SOUTH PASADENA — Mayor Lee D. Prentiss accused City Councilman Robert Wagner last week of being "less than honest" about his financial ties to a shopping center next to the city's only redevelopment project.
"If a family stands to gain in the long or short run, this in my opinion is improper even if it may not be illegal," Prentiss said at a council meeting Wednesday. "We must be above reproach and eliminate even the slightest amount of impropriety."
Wagner, who did not respond to Prentiss' statement at the meeting, resigned from the city's Redevelopment Agency on Sept. 3, conceding that he could have a conflict of interest. But he has maintained that he has not violated any laws or benefited financially from any vote he cast.
Leased From Children
Wagner has said that he sold the Squires Square shopping center in three installments in 1977 and 1978 to his children, who lease it back to him as part of a complicated real-estate deal for transferring land within a family.
"There is a conspiracy with the good ol' boys attempting to defame me personally and my family's reputation," Wagner said in an interview after the meeting.
"I am the maverick," said Wagner, who was elected to the council in 1984 and is often at odds with his colleagues. "I don't expect the nit-picking to quit. I can stand the heat and I won't get out of the kitchen."
He dismissed the mayor's statement as simply "untrue." In January, Wagner formally notified the Redevelopment Agency that, on the advice of an attorney with the state Fair Political Practices Commission, he would abstain from voting on any projects within the entire four-square-block Downtown Redevelopment Project area, according to agency minutes.
Wagner told the council last month that the shopping center is owned by his children but is leased back to him.
Prentiss previously has said that he believes Wagner never directly benefited from any votes he made while on the redevelopment agency.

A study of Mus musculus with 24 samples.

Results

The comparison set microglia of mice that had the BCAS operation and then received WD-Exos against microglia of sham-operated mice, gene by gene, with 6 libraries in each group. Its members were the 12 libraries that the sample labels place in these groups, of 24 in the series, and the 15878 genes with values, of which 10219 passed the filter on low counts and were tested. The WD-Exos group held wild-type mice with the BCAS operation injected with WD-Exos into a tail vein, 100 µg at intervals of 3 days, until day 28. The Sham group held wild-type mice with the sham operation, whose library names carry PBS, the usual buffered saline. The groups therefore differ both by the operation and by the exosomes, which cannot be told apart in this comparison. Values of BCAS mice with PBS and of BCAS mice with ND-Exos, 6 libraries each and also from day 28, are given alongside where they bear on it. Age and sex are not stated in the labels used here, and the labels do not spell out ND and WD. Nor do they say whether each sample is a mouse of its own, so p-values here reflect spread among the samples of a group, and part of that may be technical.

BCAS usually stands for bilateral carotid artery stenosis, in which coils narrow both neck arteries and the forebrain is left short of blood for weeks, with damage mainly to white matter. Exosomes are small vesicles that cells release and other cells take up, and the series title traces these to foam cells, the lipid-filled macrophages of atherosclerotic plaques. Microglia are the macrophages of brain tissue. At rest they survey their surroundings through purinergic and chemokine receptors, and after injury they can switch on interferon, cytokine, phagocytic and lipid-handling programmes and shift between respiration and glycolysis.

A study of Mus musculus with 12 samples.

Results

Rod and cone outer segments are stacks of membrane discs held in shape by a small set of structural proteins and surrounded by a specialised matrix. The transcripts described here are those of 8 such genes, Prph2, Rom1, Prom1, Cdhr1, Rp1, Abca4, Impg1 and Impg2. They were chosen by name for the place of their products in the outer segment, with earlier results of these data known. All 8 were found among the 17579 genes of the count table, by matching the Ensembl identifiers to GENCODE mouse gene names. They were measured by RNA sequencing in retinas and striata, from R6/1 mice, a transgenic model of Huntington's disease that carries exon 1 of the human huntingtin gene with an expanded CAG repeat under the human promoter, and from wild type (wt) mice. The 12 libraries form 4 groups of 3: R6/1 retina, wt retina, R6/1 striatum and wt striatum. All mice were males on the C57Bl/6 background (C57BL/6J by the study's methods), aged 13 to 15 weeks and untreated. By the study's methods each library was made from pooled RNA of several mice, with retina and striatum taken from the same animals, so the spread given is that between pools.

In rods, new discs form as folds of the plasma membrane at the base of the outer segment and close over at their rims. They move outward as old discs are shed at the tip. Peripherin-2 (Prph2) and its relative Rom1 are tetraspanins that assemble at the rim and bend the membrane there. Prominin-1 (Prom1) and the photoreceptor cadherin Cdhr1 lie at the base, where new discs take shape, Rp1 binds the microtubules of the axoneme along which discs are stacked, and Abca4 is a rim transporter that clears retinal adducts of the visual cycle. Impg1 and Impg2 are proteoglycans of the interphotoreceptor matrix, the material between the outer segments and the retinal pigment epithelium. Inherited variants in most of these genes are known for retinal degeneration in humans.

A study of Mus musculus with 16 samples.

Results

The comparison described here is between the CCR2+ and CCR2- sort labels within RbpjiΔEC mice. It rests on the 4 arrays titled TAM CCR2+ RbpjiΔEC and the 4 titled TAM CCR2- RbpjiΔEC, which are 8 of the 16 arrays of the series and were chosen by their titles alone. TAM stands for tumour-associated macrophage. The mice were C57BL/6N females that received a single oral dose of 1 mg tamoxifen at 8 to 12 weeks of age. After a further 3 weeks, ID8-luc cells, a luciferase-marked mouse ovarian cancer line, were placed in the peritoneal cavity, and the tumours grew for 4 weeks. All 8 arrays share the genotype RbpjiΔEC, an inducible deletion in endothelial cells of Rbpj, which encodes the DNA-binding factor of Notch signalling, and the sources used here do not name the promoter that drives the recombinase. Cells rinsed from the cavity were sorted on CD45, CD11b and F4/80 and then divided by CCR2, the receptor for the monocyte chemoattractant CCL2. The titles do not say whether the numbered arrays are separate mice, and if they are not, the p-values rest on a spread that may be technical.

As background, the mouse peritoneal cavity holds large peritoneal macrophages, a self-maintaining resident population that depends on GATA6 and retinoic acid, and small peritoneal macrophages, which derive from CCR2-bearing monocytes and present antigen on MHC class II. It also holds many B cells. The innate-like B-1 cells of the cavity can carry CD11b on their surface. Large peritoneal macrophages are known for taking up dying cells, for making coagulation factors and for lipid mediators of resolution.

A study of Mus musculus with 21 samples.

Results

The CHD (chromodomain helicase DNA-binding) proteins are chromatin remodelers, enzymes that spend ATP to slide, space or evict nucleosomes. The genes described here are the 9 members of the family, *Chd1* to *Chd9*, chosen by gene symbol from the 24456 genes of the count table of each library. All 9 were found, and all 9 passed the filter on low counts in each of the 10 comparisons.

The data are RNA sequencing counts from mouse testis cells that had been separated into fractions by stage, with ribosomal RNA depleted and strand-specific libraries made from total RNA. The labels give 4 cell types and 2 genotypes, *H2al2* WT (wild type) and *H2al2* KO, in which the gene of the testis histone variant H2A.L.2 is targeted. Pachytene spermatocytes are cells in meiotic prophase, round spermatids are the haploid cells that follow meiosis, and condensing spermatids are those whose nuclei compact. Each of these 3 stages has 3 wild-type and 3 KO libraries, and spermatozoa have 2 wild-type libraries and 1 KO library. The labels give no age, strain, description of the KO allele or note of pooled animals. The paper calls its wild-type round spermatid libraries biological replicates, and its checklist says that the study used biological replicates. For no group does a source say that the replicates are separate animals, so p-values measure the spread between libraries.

Doubts About Propriety
But in his statement Wednesday the mayor questioned the propriety of Wagner's and his family's involvement with Squires Square.
"While the question of who owns property where is important, it is also important to see who stands to gain from action of either the City Council or the agency," Prentiss said at the council meeting. "I won't make any further accusations except to say that you have been less than honest with us your colleagues, your constituents and yourself."
Prentiss also thanked Wagner for resigning from the agency, but added that the councilman only did so under pressure.
Wagner blamed any confusion over a possible conflict of interest on the "city management and the city attorney" and said he took the initiative to contact the Fair Political Practices Commission about a potential conflict.
"It is their responsibilty to hold briefing sessions with newly elected officials to inform them as to the parameters (within which) they can conduct themselves," said Wagner in the interview.
Prentiss said that Wagner should have resigned from the Redevelopment Agency sooner. If he had, "we would not have reached this point," Prentiss said. The City Council also sits as the Redevelopment Agency.
Questions over Wagner's connection to the shopping center first were raised last year when he abstained from a vote to develop a preliminary redevelopment plan in the central business district, indicating that he owned property there and it was best not to participate, according to minutes of the July 3, 1985, meeting.
In an earlier interview, Wagner said that he receives more than $100,000 a year in purchase payments for the property from Robmaric Trust, which is operated by his 31-year-old son, Richard, on behalf of all three children.